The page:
Living in Colorado this summer and fall was an experience unlike any I had ever had. In fact, it was a summer and fall unlike any that had happened in Colorado history. In five months, from June to October, Colorado experienced its three biggest forest fires in state history. The fires burned hundreds of thousands of acres. In Northern Colorado, the effects of the fire were suffocating (almost literally). Ash fell like snow, gathering as a thick coating of dust over all outside surfaces, the sky turned orange as smoke transitioned the sun's light into an eerie smog that made the Fort Collins landscape look more like a scene from The Martian. The fires were so big and so close that flames could be seen dancing on top of the foothills just outside of town.

 

I grew up in Colorado, and we had small wildfires all the time. I was constantly reminded of the benefits of fire, how it acted as a natural “reset” for the forests. I was taught about serotinous cones. These are pine cones that hold on to their seeds for years until a fire comes through and melts the resin, allowing the seeds to be scattered about. This new life was something to look forward to, my dad would tell me. He would explain how there would be newer, healthier forests for me to enjoy when I am older. As a boy, I remember watching for fires on the news and having a sense of excitement knowing what was to come!

 

 

This feeling of wonder escaped me this past wildfire season. I didn’t want a reminder about serotinous cones. I didn’t care about the natural cleansing of the forest. What I had been told was going to bring life had gotten too big, and it had taken over my whole world. I watched as these fires burned down the forests I had enjoyed adventuring in my whole life. I was content with those forests. I didn’t want these new ones, not if it meant losing the one that I had grown to love.

 

The fires have since quieted under a blanket of snow, but that feeling of uncontrollable, “world falling down on you” anxiety reminded me far too much of how it feels having a sick loved one.

 

Four years ago, my mom passed away from Metastatic Breast Cancer. I remember the months leading up to that feeling exactly like the feelings detailed in the last paragraphs. As a Christian, I have always been told to “take joy in my sufferings.” I have been pointed to Matthew 5:3 where Jesus says, “Blessed are those who mourn, for they shall be comforted.” In fact, I remember being pointed to many individual verses throughout the Bible that make it seem like trials should be what I strive for. It took me until the Christmas following my mom’s passing for me to really feel the need to figure out what the Bible and all of these well-intentioned people were telling me.

 

 

I went to Matthew 5. I read that there should be a blessing with the mourning. Jesus himself made the promise of comfort. Sitting in my bed crying at night didn’t feel like a blessing. What about the times when I wasn’t mourning, or doing any of the other things outlined in the beatitudes, was I not blessed then? I realized that I technically don’t qualify for any of the blessing or the “they shall”s. None of those things were fully me, so why did Jesus say them?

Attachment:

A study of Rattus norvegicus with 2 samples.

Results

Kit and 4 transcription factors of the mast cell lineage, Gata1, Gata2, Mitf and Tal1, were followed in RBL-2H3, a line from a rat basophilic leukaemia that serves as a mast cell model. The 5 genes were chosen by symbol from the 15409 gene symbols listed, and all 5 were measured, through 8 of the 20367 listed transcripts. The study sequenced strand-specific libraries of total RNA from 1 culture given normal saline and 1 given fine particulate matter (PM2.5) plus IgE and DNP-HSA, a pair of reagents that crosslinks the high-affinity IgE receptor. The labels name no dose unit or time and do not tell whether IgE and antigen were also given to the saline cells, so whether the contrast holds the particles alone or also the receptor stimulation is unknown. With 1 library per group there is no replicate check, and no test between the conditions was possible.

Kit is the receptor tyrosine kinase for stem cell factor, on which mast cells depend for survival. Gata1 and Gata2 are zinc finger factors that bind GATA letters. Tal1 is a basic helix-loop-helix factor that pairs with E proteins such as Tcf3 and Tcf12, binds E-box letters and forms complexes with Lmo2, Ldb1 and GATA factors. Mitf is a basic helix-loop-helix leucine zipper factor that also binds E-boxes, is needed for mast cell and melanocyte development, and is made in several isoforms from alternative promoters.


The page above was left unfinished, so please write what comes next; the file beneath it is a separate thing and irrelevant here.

I realized that as you work through the list -- “blessed are the poor in spirit…, blessed are those who mourn…, blessed are the meek…, blessed are those who hunger and thirst for righteousness…” -- the person you see as the blessed is Jesus. He is the one who fulfills all of those blessings. When he went to the cross, he removed our separation from him. We now know that as we accept him, we become heirs to his blessings.

 

The promise is fulfilled in him! I realized that the blessing was not in the mourning, the blessing is in him! It just so happens that as I mourn I actually have the ability to experience him in a new way. He is the one who weeps over loss (John 11:35). I get to also experience his promise that there will be comfort! As I figured this out, I didn’t feel instant comfort, but I instead got to mourn as one who lives in the promise of the One who brings comfort. I’m not sure if this comfort is meant to be fully experienced on this side of heaven, but I now find hope in the ultimate promise of my hope in Him.

 

You see, the promise my dad made me was not that the forest fires alone would bring new life. Fires are painful and, at first glance, destructive. He did, however, promise that no matter how painful they were, the destruction was the beginning of new life.

 

I love that the God we look to this Christmas season modeled this for us. He came and died so that we may experience life in him. It doesn’t mean that there won’t be pain, destruction, and mourning. But it does mean that we get to live knowing that even in the hardest moments, we are already experiencing the hope and the beginning of new life.

 

1 Thessalonians 4:13 -- But we do not want you to be uninformed, brothers, about those who are asleep, that you may not grieve as others do who have no hope.

 

Stephen originally shared this devotional at IoH's Memorial Gathering on December 13.

 

Stephen Poquette's favorite memory of his own Legacy Retreat® was the feeling of belonging he experienced as the volunteers and staff welcomed his family when they first arrived. His mom passed away just a few weeks after their family was served on the November 2016 retreat to NYC, but that sense of belonging he experienced kept him involved with IoH. First as a fundraiser, then a volunteer, and now as a staff member, Stephen wholeheartedly works to ensure other families have the chance to make memories before it is too late. As our Family Communications Coordinator, Stephen supports our Coordinators and makes sure our entire IoH Family stays up-to-date on all we have to offer.